This is the 10th installment of our series on what you should be doing in advance of submitting your graduate school applications. For the past several months, you have been gathering information on options for your graduate education, gradually narrowing down that list to the final number of programs you will actively pursue.
Three months out, it's time to create your online application accounts, making sure you know exactly what is required and what application deadline you will use.
[Check out 10 colleges that lead to grad school.]
Here are some tips on this part of the applying to grad school process.
1. Create an application spreadsheet: List each institution on the left-hand column, in the order of the deadline you will use. Then, fill in the spreadsheet: List the number of essays, number of recommendation letters, which test scores are needed, whether an interview is required or if it is conducted by invitation only, and the amount of the application fee.
You should also list any other special requirements, such as a writing sample, or if you can submit an optional essay. And you should indicate whether you need to submit special forms or essays to be considered for financial aid.
[Get tips on paying for graduate school.]
2. Add columns to further evaluate schools: To help make your enrollment decision a few months down the road, you should add columns to the spreadsheet now that can be filled in after submitting your applications, to evaluate the service you receive from schools. Some examples include:
• Ease in completing your application: Did it flow easily, or was it difficult to navigate?
• Contact with admissions office staff: Were they responsive, caring, respectful, and most of all, did they convey genuine interest in you?
• Did you receive confirmation that your application was received, and that it was complete and ready for review? Did you receive your notification decision by the date provided?
• If admitted, how was the follow-up you received? Was it positive, informative, and helpful? Did you feel that you were sincerely welcomed to the academic and student community?
• If wait-listed, what are the next steps?
• If denied, what feedback is available?
3. Add recommenders: If you have not already done so, start thinking about who you will ask to write letters of recommendation for you. If you are applying to several schools, be sure to have more than one or two individuals selected.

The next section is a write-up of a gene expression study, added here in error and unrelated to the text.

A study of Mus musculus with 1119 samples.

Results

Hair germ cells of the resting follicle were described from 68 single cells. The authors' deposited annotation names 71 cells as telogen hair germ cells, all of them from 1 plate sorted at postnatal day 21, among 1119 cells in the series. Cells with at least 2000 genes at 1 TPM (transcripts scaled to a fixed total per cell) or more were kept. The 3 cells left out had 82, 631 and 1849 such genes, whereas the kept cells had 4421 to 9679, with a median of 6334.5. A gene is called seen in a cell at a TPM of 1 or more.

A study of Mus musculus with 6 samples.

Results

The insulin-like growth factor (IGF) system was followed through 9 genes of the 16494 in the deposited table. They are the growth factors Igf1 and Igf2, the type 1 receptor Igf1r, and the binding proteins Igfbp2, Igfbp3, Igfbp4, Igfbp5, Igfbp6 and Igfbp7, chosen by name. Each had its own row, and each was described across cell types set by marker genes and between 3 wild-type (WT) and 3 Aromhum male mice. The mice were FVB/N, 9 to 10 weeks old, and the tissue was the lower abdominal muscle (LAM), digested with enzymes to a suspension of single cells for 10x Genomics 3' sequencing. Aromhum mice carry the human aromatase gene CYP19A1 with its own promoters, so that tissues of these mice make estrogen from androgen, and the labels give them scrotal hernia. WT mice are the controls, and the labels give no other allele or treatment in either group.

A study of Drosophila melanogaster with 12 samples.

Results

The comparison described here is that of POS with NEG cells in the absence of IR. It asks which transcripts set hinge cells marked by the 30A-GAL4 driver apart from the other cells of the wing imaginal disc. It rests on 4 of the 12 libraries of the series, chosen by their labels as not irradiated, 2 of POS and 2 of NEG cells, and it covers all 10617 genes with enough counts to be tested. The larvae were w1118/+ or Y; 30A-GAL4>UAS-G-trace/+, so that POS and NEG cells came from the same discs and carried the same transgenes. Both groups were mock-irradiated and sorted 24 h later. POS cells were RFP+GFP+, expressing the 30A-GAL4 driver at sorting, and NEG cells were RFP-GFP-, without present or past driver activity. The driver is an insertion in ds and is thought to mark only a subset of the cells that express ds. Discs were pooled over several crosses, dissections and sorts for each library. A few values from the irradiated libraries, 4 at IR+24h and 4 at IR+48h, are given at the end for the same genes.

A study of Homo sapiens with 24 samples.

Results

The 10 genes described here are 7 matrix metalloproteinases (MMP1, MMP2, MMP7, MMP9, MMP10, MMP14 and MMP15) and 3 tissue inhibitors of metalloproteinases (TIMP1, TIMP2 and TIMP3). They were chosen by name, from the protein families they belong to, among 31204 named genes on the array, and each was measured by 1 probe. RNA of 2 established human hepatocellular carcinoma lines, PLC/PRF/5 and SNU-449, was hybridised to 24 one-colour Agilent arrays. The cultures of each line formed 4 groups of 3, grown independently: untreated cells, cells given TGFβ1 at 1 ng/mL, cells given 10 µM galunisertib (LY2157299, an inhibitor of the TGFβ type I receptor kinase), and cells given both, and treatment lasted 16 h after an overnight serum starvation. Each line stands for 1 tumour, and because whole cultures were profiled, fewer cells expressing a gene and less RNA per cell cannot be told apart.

If they are going to do a good job for you, they will need time to prepare their comments. A good rule of thumb is to ask one person to write no more than three letters.
Once you have selected those you would like to use, contact them, get their approval, and then add their names to your spreadsheet.
[Learn how to deal with negative recommendation letters.]
4. Prepare for the essays: Once you have your spreadsheet completed, you should start preparing a brief outline of the points you want to cover in your essays. Create an essay document for each institution, listing each essay question.
You should think through the main themes you would like to convey in each essay and write them down. If you have any sub-points under those themes, list them as well.
For example, if you are being asked to cite your major strengths, perhaps you will choose motivation and teamwork. Your sub-points should illustrate those strengths. For motivation, you might share a story of how you overcame a major obstacle to accomplish a goal, and for teamwork, you could cite an example of a successful experience in which you served as a team leader.
By taking the time to organize your application information in this way, you will lessen the tendency to make mistakes that comes by waiting until the last minute to get everything ready. Your stress level will be much less, and you will be able to focus on preparing your best applications.